Someone asked us:
Q. Does the hymen serve any purpose? What different types of hymens are there, and how do you know which type you have?
For those needing a little anatomy review, the hymen is the thin tissue that stretches across part of the opening to the vagina. The tissue can be stretched or torn during sexual activity, masturbation, tampon use, or any activity that places gradual and ongoing pressure on the groin area, for example riding a bike or gymnastics.
Why do you have a hymen? Who knows?!?!. They don’t serve any medical purpose. Some people are born without them. While they’re an interesting bit of anatomy, hymens probably don’t deserve all the attention that has been heaped on them over the years. In the olden days (i.e. before 1950 ) when female sexuality was even less understood than today, the hymen carried a whole bunch of cultural significance. In some cultures they still do. People believed that a hymen that had not been stretched or torn was proof of virginity. Blood from a torn hymen on your wedding night signaled that your new wife was a virgin, (and also that she had probably never ridden a bike or a horse). While people have a lot of different ideas of what virginity is and isn’t, hopefully more and more people understand that a missing hymen can be the result of a lot of things, not just vaginal intercourse.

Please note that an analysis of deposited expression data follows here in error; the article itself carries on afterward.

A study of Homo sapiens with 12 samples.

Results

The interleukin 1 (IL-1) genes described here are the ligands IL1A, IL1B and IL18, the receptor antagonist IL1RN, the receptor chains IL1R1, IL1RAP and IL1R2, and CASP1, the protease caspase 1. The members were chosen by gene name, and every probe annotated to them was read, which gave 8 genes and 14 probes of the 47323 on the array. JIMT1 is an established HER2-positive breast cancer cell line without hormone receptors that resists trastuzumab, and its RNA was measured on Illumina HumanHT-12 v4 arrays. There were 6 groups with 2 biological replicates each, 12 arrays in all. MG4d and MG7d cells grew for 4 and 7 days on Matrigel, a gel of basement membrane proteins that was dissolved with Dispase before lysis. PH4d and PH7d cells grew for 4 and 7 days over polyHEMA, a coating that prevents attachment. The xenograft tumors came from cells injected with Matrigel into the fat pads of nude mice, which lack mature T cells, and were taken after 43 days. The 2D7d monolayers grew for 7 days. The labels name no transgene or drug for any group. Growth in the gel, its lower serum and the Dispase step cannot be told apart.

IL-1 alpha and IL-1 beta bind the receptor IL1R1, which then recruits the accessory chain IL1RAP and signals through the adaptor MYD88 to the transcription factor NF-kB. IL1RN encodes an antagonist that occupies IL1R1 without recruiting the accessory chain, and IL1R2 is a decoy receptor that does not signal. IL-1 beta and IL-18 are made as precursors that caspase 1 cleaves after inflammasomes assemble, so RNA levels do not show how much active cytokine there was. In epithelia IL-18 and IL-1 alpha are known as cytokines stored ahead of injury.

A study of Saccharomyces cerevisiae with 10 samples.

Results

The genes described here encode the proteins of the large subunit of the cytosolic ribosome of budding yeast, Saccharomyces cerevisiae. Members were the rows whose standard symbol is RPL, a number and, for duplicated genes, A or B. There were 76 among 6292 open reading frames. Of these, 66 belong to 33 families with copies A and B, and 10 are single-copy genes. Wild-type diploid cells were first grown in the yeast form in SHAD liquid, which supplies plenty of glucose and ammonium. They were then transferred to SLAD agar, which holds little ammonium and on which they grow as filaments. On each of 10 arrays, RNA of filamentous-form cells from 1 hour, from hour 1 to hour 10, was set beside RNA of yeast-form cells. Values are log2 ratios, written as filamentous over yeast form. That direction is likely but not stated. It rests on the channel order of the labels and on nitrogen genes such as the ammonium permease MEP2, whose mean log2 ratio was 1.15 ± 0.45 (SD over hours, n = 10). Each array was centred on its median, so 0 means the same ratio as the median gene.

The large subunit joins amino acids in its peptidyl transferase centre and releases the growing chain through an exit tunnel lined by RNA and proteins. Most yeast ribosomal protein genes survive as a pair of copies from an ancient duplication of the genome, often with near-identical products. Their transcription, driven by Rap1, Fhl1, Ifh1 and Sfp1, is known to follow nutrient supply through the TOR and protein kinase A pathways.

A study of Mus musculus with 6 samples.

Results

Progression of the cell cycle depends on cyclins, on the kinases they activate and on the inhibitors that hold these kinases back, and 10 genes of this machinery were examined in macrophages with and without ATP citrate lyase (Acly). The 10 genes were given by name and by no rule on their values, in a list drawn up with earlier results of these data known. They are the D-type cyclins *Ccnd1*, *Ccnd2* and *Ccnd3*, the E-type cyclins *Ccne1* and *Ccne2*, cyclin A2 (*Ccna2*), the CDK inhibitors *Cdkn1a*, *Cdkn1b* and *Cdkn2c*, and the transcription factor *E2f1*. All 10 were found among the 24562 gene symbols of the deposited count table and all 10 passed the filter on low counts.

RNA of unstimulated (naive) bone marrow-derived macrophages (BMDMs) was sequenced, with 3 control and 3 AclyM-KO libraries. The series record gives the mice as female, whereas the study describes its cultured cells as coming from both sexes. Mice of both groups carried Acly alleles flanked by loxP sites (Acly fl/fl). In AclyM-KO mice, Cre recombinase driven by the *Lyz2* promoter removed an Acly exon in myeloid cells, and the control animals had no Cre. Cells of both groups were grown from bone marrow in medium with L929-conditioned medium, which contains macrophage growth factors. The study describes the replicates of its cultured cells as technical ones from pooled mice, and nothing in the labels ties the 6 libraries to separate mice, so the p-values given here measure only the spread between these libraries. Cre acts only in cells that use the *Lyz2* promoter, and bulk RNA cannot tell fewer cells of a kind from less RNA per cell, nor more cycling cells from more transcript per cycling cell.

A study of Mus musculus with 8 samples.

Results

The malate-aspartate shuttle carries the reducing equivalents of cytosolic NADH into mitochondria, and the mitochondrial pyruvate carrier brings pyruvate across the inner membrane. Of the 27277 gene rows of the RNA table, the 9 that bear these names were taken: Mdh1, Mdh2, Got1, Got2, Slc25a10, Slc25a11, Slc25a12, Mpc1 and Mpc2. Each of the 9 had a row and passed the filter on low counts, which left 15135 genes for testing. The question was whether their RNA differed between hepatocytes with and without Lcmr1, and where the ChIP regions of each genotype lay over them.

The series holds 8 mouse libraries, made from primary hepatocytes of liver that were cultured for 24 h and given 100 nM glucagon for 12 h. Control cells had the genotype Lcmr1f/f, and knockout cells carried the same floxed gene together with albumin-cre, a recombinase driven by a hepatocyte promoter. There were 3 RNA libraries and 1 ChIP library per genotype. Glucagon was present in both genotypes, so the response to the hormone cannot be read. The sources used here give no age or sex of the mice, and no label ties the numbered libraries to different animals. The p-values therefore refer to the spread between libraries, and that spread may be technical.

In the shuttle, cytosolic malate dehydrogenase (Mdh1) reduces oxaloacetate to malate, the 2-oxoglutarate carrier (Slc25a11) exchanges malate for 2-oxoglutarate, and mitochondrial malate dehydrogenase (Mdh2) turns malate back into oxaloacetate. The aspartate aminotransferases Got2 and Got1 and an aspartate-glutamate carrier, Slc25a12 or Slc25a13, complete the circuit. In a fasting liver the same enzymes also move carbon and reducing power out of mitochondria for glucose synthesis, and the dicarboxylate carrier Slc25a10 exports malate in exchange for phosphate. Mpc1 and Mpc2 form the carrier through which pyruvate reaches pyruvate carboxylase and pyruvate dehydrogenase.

As for types of hymens, you’ve probably heard us say “Different is normal” and this is certainly true for hymens. There are many variations of hymens. Some have small openings. Some have large ones. Some have multiple openings.
How do you know which type you have? A mirror and a flashlight are going to be your friends. Spread the labia with your fingers and peer inside. But be warned: hymens can be difficult or even impossible to find. If you’ve already had vaginal intercourse, used tampons, inserted a finger or object into your vagina, were active in sports or gymnastics, rode a bike, horse, mechanical bull, or were born without one, there might not be anything to see.